Before I begin posting updates from San Francisco I’ve one more Czech based post to write. If you’re a regular reader you’ll remember last Summer we paid a flying visit to the fortress town of Josefov. We had a look around the tunnel network underneath the town and drove through the main square area. It was part of a lovely adventure day which took in Kuks as well as nearby zoo (Which I still have to edit the photos from).
I really liked the look of the place and planned on returning again. So one lazy Sunday a little while ago I randomly decided, right that’s it, i’m going to go back to Josefov and check it out a little more. Handily enough there’s a train that stops in the town of Jaromer, which is a short stroll across the Labe.
So yeah I totally could have hired a kayak and rowed by way up here from Pardubice but the train was more convenient, although kayaking down/up the Labe sure sounds fun! Aaaaanyhoo so I got on the train heading to Jaromer, via Hradec Kralove and it took about 40 mins or so to get there.
From the station it’s about a 10-15 minute walk to the fortress, over the Labe and then the smaller Metuje river to get into the town. Being a Sunday, everywhere was closed and the place was a bit of a ghost town (great planning there James), but I wasn’t there for shopping or for lunch. I was interested in the architecture of the place, the unique layout of the streets, the fortifications and the crumbling textures of the buildings.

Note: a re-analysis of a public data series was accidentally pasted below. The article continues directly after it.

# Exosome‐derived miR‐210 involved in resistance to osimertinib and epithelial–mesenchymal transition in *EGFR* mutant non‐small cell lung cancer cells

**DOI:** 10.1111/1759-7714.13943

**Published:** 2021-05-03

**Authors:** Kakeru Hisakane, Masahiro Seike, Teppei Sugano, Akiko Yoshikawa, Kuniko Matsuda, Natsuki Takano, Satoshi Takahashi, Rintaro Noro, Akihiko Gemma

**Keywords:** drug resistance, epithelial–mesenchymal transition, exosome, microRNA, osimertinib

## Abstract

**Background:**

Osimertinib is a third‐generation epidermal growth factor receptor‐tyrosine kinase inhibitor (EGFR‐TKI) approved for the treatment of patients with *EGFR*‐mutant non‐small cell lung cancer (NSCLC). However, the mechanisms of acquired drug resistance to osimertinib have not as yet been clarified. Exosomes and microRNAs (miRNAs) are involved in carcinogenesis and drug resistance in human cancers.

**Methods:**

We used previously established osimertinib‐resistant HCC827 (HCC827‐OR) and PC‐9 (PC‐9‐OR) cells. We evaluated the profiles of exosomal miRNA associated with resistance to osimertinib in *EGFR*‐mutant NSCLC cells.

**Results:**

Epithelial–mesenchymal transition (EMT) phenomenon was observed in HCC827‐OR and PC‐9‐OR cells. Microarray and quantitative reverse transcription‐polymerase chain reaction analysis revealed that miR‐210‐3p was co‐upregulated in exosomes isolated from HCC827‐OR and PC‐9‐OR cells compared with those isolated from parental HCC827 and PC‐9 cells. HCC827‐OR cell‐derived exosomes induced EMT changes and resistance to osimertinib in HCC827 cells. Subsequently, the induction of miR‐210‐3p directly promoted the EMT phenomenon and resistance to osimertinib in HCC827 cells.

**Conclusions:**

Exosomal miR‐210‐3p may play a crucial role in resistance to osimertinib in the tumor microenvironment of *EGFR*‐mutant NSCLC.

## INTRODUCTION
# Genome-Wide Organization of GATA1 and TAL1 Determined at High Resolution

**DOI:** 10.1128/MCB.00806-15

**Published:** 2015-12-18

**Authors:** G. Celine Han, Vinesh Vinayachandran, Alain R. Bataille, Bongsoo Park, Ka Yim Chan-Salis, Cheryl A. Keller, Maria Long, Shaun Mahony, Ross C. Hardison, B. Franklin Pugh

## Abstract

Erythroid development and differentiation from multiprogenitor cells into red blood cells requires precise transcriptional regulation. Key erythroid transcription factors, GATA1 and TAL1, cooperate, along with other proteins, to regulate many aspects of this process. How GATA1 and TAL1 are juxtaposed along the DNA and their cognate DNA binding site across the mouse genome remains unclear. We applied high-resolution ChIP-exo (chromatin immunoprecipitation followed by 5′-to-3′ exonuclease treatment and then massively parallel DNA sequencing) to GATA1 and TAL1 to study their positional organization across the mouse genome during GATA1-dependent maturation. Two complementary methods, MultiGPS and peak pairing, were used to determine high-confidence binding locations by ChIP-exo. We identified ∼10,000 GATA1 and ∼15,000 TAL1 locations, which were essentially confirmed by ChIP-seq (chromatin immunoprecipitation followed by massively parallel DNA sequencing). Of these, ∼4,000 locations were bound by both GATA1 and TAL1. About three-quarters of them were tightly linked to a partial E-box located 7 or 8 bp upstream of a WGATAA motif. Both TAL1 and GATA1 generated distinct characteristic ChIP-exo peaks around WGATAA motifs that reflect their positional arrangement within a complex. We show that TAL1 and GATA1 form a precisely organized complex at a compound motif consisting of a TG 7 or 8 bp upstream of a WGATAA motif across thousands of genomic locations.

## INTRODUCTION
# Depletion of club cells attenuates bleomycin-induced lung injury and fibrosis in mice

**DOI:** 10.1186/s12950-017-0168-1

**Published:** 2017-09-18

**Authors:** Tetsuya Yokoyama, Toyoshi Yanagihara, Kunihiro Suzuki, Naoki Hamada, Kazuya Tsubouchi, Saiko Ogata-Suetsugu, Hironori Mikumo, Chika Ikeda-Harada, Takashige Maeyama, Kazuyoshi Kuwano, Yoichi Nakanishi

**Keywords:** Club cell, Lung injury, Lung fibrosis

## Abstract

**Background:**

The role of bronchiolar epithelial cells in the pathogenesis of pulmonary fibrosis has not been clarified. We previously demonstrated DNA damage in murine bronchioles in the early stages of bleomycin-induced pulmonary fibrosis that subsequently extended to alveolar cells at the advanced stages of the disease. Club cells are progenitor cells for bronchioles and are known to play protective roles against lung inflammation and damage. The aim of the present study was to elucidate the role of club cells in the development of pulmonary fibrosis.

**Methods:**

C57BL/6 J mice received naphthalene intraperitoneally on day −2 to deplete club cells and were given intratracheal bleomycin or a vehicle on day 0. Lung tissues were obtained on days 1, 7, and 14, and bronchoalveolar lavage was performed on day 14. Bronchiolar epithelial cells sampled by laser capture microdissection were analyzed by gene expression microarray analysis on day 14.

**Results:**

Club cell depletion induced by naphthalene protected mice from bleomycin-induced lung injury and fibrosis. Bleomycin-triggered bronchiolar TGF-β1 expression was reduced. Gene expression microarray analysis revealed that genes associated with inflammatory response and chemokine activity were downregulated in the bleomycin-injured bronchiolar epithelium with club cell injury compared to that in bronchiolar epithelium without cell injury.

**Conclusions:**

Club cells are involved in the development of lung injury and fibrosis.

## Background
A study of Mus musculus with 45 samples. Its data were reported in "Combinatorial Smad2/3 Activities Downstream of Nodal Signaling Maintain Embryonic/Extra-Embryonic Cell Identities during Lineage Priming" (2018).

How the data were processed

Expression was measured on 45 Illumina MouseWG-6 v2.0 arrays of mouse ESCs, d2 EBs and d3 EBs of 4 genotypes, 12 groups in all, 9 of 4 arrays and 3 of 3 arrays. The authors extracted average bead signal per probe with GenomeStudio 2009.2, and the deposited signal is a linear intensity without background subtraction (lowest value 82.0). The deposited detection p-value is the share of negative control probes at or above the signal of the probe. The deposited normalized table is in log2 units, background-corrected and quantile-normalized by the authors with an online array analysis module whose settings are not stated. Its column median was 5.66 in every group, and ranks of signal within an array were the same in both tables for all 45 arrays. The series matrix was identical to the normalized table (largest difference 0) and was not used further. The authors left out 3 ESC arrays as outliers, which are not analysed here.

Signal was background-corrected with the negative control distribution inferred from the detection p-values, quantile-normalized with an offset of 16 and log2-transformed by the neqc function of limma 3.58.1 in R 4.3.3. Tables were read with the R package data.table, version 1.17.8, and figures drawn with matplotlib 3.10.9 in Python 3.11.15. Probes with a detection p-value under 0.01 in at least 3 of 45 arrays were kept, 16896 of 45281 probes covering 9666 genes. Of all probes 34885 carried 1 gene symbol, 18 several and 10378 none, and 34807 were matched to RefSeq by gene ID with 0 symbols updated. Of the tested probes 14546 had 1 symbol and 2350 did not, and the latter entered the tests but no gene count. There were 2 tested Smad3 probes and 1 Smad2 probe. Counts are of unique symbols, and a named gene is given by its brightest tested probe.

And crumbly they were indeed in many places, the signature orange-mustard yellow paint of the town, falling apart in whole chunks on some buildings. If you’re a texturesexual (I’m sure there’s a market for it out there somewhere) you’ll be in your element in Josefov. The crumbliest of crumbliness awaits you throughout Josefov and it adds to the charm and lived in feeling of the place. It feels like a town that had a glorious past of revolution and war, holding off army after army, and then….was simply….forgotten. The format of war changed and there was no longer a need for such large fortifications, one plane could cause more damage than a whole army could.
There’s examples of this kind of structure all over the world, and they’re fascinating places to walk around. You can picture what it was like in its heyday, with generals in their perfectly tailored and faultless attire commanding their troops against the baying armies outside the walls. But now they’re just buildings, sadly left in a state of disrepair, no longer needed for their primary purpose. In a way it’s good as the tools and structures of war should never be celebrated, but at the same time, the horrors of war shouldn’t be forgotten either.